Mountain To Climb

November 27, 2012
By , Port Washington, NY
You need only to look up to find me.

At a young age, there was only one place I would be. Clambering up the tallest trees and swinging from limb to limb like a wild child. I would march about the yard and with youthful energy, jumping and bounding around. If I fell, I would get back up again. Then I would climb the cabinets to find butterfly band-aids to cover my scraps and bruises. One time, as I was told, I even tried to climb onto the roof of my house. Nothing would stop me; the only path I saw was up.

Life takes on a whole different meaning when you are clutching to a stone wall, a hundred feet in the air. The only option is to hold on despite the constant protesting from your sore muscles and sweaty hands. You wondered if your loose harness would hold or the thousand year old rock under your fingers would stay put. When I learned of rock climbing, the danger got more real but it also became more interesting. It wasn’t just about climbing but technique, tools and precautions. The steps taken before climbing were extensive and dreary but they were necessary, as I would learn.

I was with a few people hiking through Bonticou Crag; a hiking trail through the Mohonk Preserve in New York. Soon enough we were nearing the cliffs, looking back I should have noticed the rock shards scattered across the ground. I got high enough for it to hurt and then I flew. You could compare the incident to free climbing without padding to land on. So I fell and I fell hard. Then I fell again, this time high enough for the rope to go taut, leaving my body hanging like a marionette doll.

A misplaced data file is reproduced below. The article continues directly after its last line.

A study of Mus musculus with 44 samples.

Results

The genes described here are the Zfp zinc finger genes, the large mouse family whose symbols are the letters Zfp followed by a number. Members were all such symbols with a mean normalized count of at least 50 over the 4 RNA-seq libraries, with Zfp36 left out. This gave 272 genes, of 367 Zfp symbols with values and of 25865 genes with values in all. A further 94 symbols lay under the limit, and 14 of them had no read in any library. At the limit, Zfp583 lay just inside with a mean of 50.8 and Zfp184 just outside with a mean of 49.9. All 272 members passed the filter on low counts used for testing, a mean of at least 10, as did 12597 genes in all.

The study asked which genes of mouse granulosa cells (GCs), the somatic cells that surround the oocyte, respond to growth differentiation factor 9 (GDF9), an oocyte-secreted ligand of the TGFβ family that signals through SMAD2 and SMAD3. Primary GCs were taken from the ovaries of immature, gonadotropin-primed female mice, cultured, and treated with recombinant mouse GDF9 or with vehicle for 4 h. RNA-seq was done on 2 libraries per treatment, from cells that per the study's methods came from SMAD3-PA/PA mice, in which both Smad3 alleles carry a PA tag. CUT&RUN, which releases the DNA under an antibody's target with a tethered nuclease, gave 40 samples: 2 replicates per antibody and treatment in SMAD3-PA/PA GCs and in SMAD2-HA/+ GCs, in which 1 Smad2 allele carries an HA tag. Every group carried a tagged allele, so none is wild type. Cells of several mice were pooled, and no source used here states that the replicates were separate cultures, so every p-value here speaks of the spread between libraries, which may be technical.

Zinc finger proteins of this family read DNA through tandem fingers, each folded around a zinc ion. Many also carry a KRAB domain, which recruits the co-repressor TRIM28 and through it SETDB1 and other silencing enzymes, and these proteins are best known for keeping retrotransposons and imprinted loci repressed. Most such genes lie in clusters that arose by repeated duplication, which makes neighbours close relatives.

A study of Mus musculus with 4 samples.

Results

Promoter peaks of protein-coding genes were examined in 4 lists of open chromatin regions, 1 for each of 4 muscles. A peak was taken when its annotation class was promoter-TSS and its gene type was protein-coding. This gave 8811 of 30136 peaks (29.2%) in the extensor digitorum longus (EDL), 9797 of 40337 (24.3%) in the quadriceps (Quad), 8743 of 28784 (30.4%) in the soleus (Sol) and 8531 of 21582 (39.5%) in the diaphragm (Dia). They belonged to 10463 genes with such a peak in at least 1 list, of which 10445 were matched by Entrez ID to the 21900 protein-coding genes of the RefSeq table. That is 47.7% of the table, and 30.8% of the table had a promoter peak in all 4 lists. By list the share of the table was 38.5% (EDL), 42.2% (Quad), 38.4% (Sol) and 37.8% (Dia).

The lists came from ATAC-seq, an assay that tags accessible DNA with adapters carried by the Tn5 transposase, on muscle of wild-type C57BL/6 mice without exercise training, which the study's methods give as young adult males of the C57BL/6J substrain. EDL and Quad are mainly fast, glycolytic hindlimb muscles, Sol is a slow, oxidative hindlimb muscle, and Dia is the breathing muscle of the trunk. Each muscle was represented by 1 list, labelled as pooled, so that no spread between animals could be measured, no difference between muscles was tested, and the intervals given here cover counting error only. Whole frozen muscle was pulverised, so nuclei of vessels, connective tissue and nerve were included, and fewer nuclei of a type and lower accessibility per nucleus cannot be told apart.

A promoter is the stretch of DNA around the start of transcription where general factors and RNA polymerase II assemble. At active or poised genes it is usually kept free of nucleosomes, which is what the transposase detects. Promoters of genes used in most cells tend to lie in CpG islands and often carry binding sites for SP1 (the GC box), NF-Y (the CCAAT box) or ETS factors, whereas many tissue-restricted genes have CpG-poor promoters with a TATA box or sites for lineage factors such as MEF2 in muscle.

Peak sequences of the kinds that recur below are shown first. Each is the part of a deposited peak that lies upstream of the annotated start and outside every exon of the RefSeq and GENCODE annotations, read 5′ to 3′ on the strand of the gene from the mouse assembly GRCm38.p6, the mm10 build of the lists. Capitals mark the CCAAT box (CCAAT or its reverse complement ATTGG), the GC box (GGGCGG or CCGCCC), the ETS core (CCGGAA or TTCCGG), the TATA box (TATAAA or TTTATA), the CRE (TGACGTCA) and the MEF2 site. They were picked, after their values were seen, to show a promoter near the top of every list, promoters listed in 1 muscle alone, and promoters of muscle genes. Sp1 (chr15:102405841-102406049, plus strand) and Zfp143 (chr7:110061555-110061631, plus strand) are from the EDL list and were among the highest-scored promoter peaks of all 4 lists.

After falling so many times, I soon became worried about how much I could take before I could not get back up. So I abandoned the rock wall for awhile. I left my chalk and shoes in the corner and let the thousand year old wall dust some more. But as much as I avoided it, I knew my feet did not feel right on the ground.

In order to get over my developed fear, I returned to my first instance rock climbing. My father brought my sister and I to the Table Top Mountains. After the hike, we encountered a large crevice in the ground. Between the pitiless crack was a large boulder that was clearly unstable. As a dare, I was told to climb over it to the other side, so I did. Although it was a risk, it taught me something very important. You cannot live life without a little risk or else you will never discover what is on the other side.

I could have walked away from the wall but instead I went back. I wanted to improve, discover, and stand on top of the world. When I am not on the wall or in the air, I still keep one thing in mind. You can only go up from here.